Yogurt Drink Reduces Daycare Illness
Researchers have concluded that a probiotic yogurt drink called DanActive can reduce the rate at which kids in daycare develop common illnesses like diarrhea, flu, sinusitis, and ear infections. These researchers conducted the largest U.S. clinical trial on probiotics thus far. However, another finding seems almost contradictory and suggests that children who drank DanActive had no reduction in missed school days.
The study was underwritten by The Dannon Company, Inc., and was led by Daniel Merenstein of the Georgetown University School of Medicine (GUSOM). The results of this study have been published in the online European Journal of Clinical Nutrition.
Probiotic foods have enjoyed increasing popularity and are marketed as having certain health benefits due to probiotic ingredients such as Lactobacillus casei DN-114 001, the main probiotic ingredient contained in DanActive. Previous studies coming out of other nations have shown that the live micro-organisms known as probiotics can boost children's health and reduce the number of missed school days. But these trials were conducted on foreign soil under less than ideal circumstances, not at all resembling the everyday lives of children in the U.S.
Merenstein, who is the director of research for GUSOM's Department of Family Medicine said, "We were interested in a study that resembled how children in the U.S. consume drinks that are stored in home refrigerators and consumed without study personnel observation."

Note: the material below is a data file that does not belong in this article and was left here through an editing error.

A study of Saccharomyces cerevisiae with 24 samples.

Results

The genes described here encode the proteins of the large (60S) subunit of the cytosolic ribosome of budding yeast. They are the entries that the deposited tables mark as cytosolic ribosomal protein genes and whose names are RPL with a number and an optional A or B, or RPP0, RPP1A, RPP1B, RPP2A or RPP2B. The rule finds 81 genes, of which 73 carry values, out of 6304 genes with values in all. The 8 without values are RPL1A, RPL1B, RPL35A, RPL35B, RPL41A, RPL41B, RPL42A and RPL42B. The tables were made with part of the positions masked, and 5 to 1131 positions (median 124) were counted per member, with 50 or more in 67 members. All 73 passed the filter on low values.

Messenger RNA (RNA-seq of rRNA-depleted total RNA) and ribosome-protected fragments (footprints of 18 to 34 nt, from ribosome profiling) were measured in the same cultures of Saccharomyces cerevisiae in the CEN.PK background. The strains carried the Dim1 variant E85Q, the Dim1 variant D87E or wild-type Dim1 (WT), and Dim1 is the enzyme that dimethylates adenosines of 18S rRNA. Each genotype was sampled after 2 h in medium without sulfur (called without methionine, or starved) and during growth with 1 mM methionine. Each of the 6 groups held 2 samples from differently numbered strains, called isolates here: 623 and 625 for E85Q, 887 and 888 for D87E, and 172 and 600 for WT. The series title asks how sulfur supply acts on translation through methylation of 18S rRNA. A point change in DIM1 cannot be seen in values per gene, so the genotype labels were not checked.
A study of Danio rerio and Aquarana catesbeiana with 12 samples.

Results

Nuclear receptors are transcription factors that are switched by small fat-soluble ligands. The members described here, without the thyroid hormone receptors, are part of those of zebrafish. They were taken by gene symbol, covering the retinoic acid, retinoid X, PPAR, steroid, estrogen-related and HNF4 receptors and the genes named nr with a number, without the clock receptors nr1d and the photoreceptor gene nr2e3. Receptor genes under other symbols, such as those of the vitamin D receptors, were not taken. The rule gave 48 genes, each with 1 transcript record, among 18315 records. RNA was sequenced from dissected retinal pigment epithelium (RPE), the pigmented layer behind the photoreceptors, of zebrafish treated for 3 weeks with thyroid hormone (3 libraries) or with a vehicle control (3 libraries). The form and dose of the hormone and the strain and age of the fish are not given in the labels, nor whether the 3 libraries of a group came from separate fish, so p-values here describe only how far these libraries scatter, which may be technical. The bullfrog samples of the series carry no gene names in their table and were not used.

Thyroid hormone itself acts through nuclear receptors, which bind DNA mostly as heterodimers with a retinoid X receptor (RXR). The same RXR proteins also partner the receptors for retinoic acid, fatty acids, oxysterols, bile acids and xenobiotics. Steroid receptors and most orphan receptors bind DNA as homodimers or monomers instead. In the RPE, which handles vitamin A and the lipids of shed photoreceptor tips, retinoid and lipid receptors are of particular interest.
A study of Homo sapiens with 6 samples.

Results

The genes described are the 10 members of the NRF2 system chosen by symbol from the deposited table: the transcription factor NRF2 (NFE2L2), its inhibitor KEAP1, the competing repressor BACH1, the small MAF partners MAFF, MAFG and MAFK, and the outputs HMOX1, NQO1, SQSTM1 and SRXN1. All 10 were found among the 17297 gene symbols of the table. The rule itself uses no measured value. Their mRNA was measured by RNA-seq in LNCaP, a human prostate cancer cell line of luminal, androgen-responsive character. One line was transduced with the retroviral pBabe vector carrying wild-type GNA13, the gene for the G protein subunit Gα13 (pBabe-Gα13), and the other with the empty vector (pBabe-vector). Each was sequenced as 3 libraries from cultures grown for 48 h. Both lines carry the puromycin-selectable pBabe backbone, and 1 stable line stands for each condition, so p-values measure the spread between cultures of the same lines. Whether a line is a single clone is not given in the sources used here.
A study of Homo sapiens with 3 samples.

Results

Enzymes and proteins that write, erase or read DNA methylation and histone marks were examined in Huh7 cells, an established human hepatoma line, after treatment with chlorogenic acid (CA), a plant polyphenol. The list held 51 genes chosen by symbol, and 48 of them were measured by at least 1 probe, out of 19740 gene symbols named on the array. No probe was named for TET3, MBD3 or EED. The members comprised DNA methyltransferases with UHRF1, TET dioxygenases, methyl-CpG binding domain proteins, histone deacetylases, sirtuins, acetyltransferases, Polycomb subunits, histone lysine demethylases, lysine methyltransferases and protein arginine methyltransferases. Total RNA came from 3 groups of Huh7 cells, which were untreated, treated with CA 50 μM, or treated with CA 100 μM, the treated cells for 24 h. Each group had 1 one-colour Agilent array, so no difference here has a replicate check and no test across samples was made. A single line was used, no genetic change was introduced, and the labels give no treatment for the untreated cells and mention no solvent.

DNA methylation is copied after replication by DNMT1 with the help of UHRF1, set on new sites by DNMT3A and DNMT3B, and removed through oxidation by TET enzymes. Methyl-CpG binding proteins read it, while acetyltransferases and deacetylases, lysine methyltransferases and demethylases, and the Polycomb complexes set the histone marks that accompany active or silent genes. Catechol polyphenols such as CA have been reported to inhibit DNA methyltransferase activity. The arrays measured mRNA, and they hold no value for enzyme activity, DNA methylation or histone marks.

The authors stated that this is the biggest trial on probiotics within the U.S. and adds some very important data to the little that was known until this time. The researchers stress that probiotics are food and not medicine, so parents are happy to give it to their kids without consulting physicians. Therefore, the researchers felt it best to test the drink under homelike circumstances.
The randomized, placebo-controlled, double-blind study (in other words, the study was of top-notch design quality) was titled DRINK, an acronym that stands for: Decreasing the Rates of Illness in Kids and included 638 kids age 3-6, all healthy, and all in school five days a week.
The parents of the participants gave their kids the strawberry-flavored drink each day. Some of the drinks contained the probiotics while the other drinks contained no such ingredient and served as placebos. The parents and children were not told which drink they had used until the study was over. Parents were interviewed by phone and kept daily health diaries on their children, listing the number of drinks the children consumed.
The researchers discovered that there was a 19% decrease in common infectious ailments among the kids who had drunk the drink containing the probiotic. More to the point, the kids who drank the probiotic-containing drink had a 24% reduction in gastrointestinal ailments and 18% fewer upper respiratory infections. But there was no concurrent reduction in the number of missed school days.